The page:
Looking Back at Princess Elizabeth

Editor’s Note: This article previously appeared in a different format as part of The Atlantic’s Notes section, retired in 2021.

As Matt this morning covered for us, Queen Elizabeth II celebrates the big 9-0 today—“another milestone in her record-breaking reign”:

Last September, Elizabeth supplanted Queen Victoria as Britain’s longest-reigning monarch and the longest-reigning queen in world history. Among the major European monarchies, only Louis XIV’s 72-year reign surpasses hers.

Elizabeth on Aug 17, 1943. (AP) Alan has more photos.

Back in 1943, The Atlantic published a profile of the queen back when she was simply Princess Elizabeth. (The piece was written by Wilson Harris, then editor of the magazine The Spectator.) At the time, Elizabeth was just a few months shy of another milestone birthday—her 18th. And Britain was at war.

Surprisingly, little was known of the 17-year-old princess: “The people of Britain are beginning to take it a growing interest in the personality of their future Queen—only beginning, because so far Princess Elizabeth’s life has most rightly been spent in her home rather than in the public eye, and her future subjects know relatively little of her,” Harris wrote. He compared her education and upbringing to Queen Victoria, who reigned from 1837 to 1901: “It is more than a century, though not much more, since a girl of seventeen stood first in succession to the Throne.”

Apart from the fact that World War II limited Elizabeth’s ability to travel abroad, she had “the advantage” over Victoria, according to Harris:

First and foremost, she is far more fortunate in her parentage and early surroundings. The Duke of Kent, Princess Victoria's father, had his qualities, but all his associations were German, and his wholly German wife was a well-meaning but limited woman. The secluded household at Kensington, then well outside London, was permeated by the influence of the German Fraulein Lehzen, the German Prince Leopold (the Duchess of Kent's brother), and the half-German Baron Stockmarnot—not the happiest atmosphere for the nurture of a Queen.

Princess Elizabeth was born in a house in a London street, and spent most of the first ten years of her life in a house in another London street, Piccadilly, with cars and buses and taxis—all that makes up the swift and shifting life of London speeding ceaselessly past its windows day and night. It was the comfort of an English home like a thousand others, rather than the luxury, or imagined luxury, of a palace. There the Princess was taught to read by her mother.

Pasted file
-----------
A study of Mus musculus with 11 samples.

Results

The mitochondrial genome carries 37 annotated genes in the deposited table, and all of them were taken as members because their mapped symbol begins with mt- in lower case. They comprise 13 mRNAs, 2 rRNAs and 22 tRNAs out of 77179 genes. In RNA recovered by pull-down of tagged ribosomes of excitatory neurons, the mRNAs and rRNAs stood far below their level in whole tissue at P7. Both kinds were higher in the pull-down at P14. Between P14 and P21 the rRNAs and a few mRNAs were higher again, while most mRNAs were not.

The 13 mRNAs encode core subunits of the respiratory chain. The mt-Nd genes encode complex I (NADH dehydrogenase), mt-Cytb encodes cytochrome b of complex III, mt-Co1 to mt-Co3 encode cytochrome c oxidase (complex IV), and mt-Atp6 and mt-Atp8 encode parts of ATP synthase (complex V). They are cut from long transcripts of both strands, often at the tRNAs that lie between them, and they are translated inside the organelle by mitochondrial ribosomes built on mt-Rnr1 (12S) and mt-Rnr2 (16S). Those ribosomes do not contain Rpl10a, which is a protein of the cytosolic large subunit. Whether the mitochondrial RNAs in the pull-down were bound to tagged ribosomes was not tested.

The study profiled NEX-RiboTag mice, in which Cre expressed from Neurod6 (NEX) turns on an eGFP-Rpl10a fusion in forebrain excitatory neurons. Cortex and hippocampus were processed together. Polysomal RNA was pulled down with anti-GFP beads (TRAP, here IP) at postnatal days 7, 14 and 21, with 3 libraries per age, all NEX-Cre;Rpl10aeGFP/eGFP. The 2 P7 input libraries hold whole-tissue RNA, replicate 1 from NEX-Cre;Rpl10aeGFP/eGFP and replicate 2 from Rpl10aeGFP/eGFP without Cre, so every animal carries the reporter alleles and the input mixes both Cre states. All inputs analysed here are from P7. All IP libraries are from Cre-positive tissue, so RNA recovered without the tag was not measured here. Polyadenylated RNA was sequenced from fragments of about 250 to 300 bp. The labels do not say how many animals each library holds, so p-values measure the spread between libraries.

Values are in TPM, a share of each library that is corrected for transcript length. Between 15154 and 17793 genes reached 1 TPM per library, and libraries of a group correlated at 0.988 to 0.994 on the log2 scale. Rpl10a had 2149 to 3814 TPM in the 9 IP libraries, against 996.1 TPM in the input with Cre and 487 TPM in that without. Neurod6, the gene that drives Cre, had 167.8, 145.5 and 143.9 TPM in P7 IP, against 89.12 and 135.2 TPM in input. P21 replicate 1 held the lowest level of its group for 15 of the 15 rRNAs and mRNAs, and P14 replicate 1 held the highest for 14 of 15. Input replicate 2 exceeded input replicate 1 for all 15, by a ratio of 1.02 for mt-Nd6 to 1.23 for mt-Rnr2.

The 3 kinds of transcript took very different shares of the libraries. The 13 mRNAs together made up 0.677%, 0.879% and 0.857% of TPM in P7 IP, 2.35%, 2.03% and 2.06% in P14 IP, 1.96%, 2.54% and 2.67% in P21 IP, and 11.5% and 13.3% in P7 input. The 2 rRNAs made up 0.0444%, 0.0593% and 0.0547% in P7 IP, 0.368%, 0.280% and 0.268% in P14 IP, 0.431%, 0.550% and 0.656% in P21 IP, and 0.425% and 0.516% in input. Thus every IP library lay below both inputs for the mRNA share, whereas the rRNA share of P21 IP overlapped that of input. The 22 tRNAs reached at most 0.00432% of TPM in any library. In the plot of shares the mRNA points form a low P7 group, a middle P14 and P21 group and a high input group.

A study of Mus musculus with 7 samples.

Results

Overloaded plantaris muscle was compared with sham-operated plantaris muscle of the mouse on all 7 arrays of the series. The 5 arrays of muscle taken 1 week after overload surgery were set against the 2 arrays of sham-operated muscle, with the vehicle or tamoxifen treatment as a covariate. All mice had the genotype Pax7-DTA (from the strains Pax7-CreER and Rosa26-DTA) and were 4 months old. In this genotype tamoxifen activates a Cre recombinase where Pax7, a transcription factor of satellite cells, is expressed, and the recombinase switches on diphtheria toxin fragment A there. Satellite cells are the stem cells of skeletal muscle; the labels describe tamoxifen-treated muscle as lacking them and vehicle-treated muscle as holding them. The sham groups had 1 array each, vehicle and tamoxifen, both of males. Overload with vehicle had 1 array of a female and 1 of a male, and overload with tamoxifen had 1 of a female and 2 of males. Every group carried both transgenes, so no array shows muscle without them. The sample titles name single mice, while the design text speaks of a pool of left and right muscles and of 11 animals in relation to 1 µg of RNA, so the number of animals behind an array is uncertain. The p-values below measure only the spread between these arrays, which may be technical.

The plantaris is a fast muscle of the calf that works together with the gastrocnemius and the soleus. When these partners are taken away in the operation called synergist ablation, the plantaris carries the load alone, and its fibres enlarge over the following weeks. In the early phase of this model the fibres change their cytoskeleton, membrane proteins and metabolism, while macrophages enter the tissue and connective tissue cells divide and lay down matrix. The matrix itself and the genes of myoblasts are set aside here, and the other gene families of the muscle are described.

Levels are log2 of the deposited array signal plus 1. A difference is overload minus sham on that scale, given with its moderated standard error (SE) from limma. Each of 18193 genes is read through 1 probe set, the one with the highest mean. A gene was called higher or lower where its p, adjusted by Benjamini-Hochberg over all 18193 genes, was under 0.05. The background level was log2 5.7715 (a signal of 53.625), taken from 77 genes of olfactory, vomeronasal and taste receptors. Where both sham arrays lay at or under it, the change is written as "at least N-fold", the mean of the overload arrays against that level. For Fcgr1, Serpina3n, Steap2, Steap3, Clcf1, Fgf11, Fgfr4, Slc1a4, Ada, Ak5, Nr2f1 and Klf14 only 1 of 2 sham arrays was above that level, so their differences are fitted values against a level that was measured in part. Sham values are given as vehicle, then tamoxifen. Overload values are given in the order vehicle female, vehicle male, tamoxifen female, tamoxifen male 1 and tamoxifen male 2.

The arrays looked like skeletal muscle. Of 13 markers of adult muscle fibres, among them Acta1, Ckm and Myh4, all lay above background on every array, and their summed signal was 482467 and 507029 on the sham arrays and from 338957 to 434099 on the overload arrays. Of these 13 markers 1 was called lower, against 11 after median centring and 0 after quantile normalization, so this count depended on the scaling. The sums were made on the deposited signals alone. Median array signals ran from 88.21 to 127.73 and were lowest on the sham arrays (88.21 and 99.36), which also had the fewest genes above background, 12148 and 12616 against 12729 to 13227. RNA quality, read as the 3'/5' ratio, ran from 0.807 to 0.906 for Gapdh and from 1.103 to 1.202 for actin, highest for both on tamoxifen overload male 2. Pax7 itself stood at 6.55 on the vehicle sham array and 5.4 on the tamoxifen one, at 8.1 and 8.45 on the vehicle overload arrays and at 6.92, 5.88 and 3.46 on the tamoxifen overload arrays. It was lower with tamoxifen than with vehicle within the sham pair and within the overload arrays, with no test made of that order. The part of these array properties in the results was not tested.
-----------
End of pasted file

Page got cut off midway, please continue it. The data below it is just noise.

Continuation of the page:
By 17, Elizabeth had read an impressive amount of literature:

The Princess’s explorations in the field of English literature are of greater interest and perhaps of greater significance. Time for reading at large is limited, for the formal educational regimen is treated seriously. But in or out of “school hours” she has read most of Shakespeare; The Canterbury Tales; a good deal of Coleridge, Keats, Browning, and Tennyson; some of Scott, Dickens, Jane Austen, Trollope, and Robert Louis Stevenson; while in lighter moments she turns to Conan Doyle (I hope The White Company as well as Sherlock Holmes), John Buchan (I hope Montrose as well as Greenmantle), and, before he brought dishonor on his name, P. G. Wodehouse (whose hold was as potent over a Prime Minister of seventy as over a Princess not seventeen).

Aside from reading, she also rode horses, served in “the girls’ equivalent of Boy Scouts”, swam (“finds water—with pennies to dive for and the crawl stroke to practice—a hardly less natural element than air”), and listened to the radio (“follows the war news closely”).

Harris concludes that the mystery around the princess was actually a good thing: “That relatively little has been known of the Princess hitherto is matter for satisfaction rather than regret, for it means that her childhood has been wisely guarded and sheltered, and her personality allowed to develop as it would, unstrained by any undue consciousness of status.” Whether she assumed the throne soon, or spent years as the presumptive heir, Princess Elizabeth was prepared:

The Princess may have years of service as heir-presumptive before her. She may at any moment by the caprice of fate be summoned to the most exalted position in the greatest Commonwealth in the world. Enough is known of her upbringing to show how well the preparation for either lot has been achieved by a training that has never threatened to dim the freshness or mar the simplicity of her girlhood.

And so she did, as predicted: Elizabeth assumed the throne nine years later in 1952, at the age of 26—well-prepared for her long, historic reign.